Spotify, the music streaming service, on Wednesday, said that it has taken a part of the stake in DistroKid, which is a distribution service which helps recording artists in uploading their music across online stores and streaming platforms and this platform includes Spotify’s biggest rival, Apple Music.
Spotify revealed about its decision of taking a part of the stake of DistroKid in a blog post but did not give any exact percentage or dollar amount and said that it was only “a passive minority investment.” Spotify didn’t reveal the financial details of the deal when asked by Reuters.
This deal from Spotify plays a significant role since DistroKid, (in addition to other distributors such as TuneCore or CDBaby), is one of the prominent platforms in which independent artists who are not affiliated with a major record label could get music onto streaming platforms such as Apple’s Apple Music and Spotify.
Apple Music and Spotify (unlike YouTube and SoundCloud) don’t allow independent artists to upload their music directly to the service. They require that these artists work with them through a distributor.
This trend saw a change because, last month, Spotify allowed some independent artists to upload their music directly to its service. Spotify announced this partnership on Wednesday, which allowed artists who upload songs to Spotify to be able to distribute their songs to “other platforms” with the help of DistroKid. Spotify didn’t specify whether or not Apple Music would be included.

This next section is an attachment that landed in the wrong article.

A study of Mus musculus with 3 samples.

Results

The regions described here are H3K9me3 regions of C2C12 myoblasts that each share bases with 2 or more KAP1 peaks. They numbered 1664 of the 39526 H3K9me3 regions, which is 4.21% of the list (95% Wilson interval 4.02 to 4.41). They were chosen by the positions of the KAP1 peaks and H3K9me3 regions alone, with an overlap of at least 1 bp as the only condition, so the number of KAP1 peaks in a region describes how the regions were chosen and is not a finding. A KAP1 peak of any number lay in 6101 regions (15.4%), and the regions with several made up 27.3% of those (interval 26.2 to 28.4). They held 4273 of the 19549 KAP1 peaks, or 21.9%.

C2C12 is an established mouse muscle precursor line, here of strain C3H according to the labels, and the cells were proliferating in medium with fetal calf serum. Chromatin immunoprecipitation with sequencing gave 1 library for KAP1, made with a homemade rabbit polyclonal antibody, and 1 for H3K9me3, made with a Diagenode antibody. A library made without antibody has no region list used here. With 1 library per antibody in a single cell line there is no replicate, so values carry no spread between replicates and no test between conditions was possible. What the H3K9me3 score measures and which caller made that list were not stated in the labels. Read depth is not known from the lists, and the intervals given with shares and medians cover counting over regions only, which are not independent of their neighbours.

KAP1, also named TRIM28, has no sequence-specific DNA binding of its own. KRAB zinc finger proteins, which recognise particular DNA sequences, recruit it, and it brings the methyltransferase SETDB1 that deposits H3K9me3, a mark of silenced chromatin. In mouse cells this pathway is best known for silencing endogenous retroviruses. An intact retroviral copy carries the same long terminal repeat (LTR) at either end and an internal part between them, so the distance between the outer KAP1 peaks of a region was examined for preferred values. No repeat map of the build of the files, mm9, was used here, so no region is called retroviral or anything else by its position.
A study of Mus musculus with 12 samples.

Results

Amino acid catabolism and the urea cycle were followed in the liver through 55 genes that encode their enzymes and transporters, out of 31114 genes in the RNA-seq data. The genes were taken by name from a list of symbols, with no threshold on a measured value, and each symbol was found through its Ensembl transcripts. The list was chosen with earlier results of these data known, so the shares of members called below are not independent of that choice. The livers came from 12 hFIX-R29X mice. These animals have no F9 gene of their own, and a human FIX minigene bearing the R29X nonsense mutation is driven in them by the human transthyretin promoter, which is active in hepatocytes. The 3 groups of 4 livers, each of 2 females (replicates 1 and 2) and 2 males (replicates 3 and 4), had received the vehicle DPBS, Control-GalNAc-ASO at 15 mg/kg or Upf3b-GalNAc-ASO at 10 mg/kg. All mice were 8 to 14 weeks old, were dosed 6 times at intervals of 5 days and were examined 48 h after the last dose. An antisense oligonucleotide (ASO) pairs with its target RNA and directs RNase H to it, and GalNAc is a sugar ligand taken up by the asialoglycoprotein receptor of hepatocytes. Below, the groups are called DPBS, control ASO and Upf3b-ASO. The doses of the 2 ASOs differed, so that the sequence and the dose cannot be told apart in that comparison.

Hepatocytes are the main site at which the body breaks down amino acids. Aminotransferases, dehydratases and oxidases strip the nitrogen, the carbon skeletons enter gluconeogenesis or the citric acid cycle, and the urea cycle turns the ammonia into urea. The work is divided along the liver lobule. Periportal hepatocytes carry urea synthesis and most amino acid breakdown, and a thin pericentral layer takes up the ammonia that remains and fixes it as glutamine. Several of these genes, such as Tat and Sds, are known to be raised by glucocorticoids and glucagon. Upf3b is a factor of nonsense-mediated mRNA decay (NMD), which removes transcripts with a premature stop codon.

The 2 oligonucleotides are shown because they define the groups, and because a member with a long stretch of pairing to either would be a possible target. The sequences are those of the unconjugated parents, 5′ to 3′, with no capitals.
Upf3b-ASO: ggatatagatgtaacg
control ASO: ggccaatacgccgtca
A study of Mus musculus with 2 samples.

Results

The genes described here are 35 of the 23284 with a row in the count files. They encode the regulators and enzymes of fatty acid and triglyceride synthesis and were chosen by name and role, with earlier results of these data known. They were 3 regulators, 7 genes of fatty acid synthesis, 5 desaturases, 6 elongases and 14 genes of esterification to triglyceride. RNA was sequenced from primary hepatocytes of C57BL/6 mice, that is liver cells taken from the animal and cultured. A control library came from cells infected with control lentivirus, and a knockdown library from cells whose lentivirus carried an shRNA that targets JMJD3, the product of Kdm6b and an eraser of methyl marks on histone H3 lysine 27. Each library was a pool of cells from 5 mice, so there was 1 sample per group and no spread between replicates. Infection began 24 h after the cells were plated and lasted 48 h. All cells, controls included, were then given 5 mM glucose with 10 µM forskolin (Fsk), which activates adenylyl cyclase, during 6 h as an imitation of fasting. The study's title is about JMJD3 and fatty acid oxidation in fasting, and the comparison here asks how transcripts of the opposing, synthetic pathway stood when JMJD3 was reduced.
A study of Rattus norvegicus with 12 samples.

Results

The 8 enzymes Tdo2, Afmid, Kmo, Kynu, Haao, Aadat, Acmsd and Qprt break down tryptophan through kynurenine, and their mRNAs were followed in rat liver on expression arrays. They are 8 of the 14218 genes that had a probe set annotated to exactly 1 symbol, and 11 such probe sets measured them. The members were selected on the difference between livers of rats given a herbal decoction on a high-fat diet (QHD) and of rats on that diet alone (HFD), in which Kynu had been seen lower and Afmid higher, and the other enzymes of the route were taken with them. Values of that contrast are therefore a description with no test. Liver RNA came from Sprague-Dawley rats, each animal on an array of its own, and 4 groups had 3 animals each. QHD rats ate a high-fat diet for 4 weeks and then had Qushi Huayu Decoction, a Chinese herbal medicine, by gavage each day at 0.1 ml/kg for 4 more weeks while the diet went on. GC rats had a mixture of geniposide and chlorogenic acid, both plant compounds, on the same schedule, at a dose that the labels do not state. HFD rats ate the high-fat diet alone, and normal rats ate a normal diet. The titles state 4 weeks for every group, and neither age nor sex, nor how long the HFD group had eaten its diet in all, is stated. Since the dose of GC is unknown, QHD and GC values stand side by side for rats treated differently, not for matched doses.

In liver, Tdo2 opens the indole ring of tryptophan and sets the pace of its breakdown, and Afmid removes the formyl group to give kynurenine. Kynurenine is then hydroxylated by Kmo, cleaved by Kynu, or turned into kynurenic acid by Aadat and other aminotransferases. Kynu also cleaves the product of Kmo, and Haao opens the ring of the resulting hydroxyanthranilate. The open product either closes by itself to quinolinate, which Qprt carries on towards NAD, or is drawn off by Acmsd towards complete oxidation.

DistroKid is a platform that allows independent recording artists to upload their music across online stores. This way, writers get onto streaming platforms and showcase their talent to the world.
This investment has helped Spotify test out services that were once offered only by traditional record labels through distribution. If Spotify could charge artists money for such services, this can give a significant amount of revenue to the stream, which is beyond streaming music subscriptions.
Spotify lost $647 million during the first six months of 2018, due to the costs incurred by licensing payouts to record labels and artists for music.
Jeff Ponchick, the CEO of Repost Network, which focuses on distributing artists with followings on SoundCloud onto other music streaming services said- “They have a severe amount of pressure to get better margins. These (back-end services to artists) could turn into subscription services and could be the new revenue sources for these platforms.“
Spotify’ stock closed down 3.3 percent at $159.28 on Wednesday.